The must read stories in health from Tuesday

Slow going in special measures

Fewer than one in five trusts placed in special measures because of inadequate care have improved quickly enough to be removed within 12 months, as originally intended, HSJ’s latest analysis reveals.

We looked at the 27 trusts which have been placed in quality special measures since the regime was created in 2013, and which have had more than 12 months to improve.

Of these, only five exited special measures within a 12 month period. All these were from the original 11 placed in the regime in 2013.

The CQC’s guidance from 2014 said: “It is intended that the usual period of time a trust remains in special measures will be a maximum of 12 months, although this may be extended in some circumstances”. It added that an extension would “not normally exceed six months”.

The average time spent in special measures by the 20 trusts which have both entered and exited the regime is 20.5 months.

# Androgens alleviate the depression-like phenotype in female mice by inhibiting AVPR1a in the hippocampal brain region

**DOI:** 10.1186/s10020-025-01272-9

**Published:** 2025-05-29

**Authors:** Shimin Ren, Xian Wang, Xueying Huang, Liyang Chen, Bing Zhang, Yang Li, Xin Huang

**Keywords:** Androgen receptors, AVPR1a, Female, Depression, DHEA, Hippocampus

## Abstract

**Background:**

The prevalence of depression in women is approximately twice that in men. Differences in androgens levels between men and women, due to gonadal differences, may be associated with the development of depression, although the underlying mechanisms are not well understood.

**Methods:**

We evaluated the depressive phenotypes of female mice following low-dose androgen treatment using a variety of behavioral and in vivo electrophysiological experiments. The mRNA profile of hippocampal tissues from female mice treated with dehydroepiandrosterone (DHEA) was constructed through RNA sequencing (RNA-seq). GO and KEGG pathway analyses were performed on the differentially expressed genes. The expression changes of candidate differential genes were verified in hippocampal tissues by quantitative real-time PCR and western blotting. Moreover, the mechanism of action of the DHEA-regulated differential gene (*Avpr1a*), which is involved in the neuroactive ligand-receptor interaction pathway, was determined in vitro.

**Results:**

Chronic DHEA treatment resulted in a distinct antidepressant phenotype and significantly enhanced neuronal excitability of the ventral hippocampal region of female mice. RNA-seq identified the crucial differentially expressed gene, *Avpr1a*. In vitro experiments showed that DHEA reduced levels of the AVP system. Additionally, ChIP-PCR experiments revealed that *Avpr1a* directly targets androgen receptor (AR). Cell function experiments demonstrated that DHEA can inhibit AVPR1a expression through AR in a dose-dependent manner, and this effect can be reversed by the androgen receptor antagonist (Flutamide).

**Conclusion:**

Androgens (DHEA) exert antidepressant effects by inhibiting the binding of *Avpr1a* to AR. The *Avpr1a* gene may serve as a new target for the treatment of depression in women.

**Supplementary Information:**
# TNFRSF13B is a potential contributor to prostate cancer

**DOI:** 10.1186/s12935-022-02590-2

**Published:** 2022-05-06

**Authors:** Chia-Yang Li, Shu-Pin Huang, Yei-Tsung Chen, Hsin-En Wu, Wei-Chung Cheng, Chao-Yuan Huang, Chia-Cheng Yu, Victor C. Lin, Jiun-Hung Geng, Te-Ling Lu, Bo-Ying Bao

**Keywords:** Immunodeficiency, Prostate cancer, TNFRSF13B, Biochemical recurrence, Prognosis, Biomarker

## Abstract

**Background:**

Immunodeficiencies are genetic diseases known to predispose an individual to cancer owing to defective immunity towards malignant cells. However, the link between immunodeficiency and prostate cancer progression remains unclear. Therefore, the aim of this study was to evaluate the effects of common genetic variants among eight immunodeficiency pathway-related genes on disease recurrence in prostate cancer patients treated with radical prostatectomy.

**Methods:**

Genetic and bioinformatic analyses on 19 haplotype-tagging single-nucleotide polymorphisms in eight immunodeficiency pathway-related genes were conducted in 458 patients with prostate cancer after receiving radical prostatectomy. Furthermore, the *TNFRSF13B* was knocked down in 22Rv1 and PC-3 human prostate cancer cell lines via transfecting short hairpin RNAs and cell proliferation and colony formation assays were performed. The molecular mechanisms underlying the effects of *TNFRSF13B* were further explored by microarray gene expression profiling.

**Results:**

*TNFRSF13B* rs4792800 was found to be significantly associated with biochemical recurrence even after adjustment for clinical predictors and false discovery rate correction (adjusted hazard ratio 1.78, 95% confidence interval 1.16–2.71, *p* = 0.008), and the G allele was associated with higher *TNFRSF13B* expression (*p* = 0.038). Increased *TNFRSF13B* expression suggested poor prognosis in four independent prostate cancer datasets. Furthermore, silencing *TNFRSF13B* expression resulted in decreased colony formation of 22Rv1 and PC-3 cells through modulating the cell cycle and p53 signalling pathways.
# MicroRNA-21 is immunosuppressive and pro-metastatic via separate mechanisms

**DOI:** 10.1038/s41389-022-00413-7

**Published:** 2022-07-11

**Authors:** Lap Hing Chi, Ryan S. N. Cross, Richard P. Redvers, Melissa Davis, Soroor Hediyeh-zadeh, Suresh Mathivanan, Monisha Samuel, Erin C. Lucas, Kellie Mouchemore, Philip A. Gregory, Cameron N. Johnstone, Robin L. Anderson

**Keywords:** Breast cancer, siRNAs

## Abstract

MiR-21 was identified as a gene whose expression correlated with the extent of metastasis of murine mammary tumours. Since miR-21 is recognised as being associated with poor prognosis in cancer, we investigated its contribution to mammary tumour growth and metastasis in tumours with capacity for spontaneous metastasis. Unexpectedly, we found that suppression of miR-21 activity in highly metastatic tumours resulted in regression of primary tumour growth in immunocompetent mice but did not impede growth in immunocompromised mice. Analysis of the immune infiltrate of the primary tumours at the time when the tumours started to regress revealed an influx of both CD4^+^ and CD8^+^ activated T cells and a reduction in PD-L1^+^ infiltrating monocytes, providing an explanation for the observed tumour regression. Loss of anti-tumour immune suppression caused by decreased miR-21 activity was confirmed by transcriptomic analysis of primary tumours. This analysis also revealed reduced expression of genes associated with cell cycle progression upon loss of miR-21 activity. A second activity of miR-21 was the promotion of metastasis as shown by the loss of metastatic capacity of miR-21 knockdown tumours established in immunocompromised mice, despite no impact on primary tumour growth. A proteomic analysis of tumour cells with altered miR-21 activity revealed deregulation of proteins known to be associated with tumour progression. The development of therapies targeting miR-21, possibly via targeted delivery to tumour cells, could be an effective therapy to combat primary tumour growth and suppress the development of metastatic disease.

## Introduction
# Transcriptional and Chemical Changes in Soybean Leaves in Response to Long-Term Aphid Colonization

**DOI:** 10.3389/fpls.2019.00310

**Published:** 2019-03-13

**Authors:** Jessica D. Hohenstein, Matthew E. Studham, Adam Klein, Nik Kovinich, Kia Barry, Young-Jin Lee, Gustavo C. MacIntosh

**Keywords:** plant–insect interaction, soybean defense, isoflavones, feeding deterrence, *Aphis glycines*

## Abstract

Ten trusts have spent two years or more in special measures, with Colchester Hospital University Foundation Trust having been in the longest – currently at three and half years.

Chief inspector of hospitals Professor Sir Mike Richards told us: “While trusts are placed in special measures for a 12 month period to begin with, this can be extended if further support is needed. What is most important is that the right changes are made and fully embedded to benefit patients.”

Will a doctor see you now, or later?

Greater Manchester is currently ahead of the pack for achieving extended GP access, according to data published by NHS England.

The region, which recently published a major transformation plan for primary care in its area, has the biggest percentage of patients with access to “full” extended GP access.

What is full access? NHS England defines it as “pre-bookable” appointments made available at the weekends and at least 90 minutes available before 8am or after 6pm on weekdays.

In the planning guidance last year, NHS England said it would give CCGs until 2019 to achieve “full” extended access to GP services.

According to the current statistics, the Devo Manc region appears to have the best odds on reaching NHS England’s target first, with 57 per cent of patients across the region having access to “full” extended hours.

London is a close second at 49 per cent, while just 4 per cent of patients in the South West have access to the desired hours.

However, it is worth mentioning that Greater Manchester has been one of the biggest of the beneficiaries of the GP access fund.